The Associated Press recently reported on a study alleging that American girls reach puberty earlier than commonly believed, with nearly half of black girls and 15 percent of white girls beginning to develop sexually by age 8.
The study, undertaken by Marcia Herman-Giddens of the University of North Carolina at Chapel Hill, raises what the AP says are “troubling questions about whether environmental estrogens, chemicals that mimic the female hormone estrogen, are bringing on puberty at an earlier age.”
Yet a review of the study’s methodology shows that there may be considerably less to the story than meets the eye. The study involved 17,000 girls ages 3 through 12. At age 8, 48.3 percent of the black girls and 14.7 percent of the white girls had begun developing breasts, pubic hair, or both. Menstruation occurred at age 12.16 in blacks on average and age 12.88 for whites.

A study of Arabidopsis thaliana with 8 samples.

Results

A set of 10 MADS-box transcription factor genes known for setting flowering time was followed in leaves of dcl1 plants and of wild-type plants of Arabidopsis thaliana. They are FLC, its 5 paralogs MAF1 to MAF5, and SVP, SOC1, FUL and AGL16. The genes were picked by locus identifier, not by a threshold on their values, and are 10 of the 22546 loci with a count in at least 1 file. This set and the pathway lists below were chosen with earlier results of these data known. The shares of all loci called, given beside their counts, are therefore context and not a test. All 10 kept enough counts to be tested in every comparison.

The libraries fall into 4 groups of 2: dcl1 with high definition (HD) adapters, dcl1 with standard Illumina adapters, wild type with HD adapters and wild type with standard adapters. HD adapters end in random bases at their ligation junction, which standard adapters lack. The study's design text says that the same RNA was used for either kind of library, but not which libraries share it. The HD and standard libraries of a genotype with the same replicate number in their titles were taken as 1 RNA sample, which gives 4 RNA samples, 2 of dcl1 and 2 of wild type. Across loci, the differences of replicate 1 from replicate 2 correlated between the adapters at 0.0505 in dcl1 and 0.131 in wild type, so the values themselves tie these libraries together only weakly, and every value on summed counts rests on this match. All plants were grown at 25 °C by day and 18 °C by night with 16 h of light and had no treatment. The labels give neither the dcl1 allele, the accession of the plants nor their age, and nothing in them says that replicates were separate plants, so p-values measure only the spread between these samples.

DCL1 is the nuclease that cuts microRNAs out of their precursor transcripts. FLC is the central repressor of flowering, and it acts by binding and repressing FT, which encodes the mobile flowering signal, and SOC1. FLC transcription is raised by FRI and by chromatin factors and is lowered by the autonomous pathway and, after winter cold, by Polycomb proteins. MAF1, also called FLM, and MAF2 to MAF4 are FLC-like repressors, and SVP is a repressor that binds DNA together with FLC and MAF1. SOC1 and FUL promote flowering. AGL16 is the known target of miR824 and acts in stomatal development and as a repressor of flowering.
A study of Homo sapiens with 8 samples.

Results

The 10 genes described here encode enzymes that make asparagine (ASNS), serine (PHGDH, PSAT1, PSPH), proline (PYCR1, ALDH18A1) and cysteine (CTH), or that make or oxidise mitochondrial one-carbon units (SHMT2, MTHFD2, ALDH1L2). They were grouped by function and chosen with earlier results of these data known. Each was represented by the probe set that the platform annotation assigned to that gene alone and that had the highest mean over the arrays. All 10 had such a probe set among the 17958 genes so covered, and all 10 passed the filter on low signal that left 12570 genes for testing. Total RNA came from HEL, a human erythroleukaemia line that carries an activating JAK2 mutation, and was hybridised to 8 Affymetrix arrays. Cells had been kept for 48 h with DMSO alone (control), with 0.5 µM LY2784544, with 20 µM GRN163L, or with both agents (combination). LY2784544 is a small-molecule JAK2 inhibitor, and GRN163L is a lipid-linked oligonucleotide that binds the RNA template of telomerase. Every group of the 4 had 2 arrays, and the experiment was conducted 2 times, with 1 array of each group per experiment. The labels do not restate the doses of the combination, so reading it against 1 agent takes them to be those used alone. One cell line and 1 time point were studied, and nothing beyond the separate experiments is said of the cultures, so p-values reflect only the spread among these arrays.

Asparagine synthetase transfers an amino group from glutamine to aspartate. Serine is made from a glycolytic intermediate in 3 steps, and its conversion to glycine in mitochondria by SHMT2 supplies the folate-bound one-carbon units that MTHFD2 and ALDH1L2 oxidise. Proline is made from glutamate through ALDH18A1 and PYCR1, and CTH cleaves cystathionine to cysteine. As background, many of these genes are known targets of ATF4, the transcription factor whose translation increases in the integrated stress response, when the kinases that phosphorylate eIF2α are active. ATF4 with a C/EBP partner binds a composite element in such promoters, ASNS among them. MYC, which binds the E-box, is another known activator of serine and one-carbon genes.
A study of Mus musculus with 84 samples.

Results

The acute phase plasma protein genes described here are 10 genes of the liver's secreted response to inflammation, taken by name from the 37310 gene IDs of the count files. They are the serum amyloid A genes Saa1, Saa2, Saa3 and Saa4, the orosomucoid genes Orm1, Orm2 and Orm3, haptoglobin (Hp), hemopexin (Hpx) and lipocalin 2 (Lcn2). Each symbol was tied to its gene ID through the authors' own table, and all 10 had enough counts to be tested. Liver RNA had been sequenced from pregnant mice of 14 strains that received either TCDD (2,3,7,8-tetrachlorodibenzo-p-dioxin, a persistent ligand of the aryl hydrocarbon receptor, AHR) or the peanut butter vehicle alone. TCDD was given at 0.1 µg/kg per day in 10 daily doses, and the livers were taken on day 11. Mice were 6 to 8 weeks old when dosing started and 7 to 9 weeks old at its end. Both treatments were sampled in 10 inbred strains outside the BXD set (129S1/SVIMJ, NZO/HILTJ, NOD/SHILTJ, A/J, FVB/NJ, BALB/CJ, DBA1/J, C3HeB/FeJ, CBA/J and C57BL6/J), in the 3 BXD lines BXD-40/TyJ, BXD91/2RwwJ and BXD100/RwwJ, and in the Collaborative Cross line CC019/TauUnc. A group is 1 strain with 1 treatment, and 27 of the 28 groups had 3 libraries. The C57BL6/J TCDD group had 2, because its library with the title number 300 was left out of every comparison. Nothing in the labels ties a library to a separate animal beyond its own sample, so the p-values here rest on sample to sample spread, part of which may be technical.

As Herman-Giddens herself points out, the average age for menstruation for white girls has remained unchanged for 45 years, and it begins just four months earlier for black girls than it did 30 years ago. Improved nutrition and lower levels of poverty could well account for the earlier onset of puberty among blacks, Herman-Giddens acknowledged.
Moreover, the study shows a trend for black girls (who comprise just 9.6 percent of the sample), but not for whites. Rather than raising “troubling questions” about the effects of environmental estrogens, the study raises troubling questions about why the AP chose to draw premature conclusions from data which do not support the thrust of the story.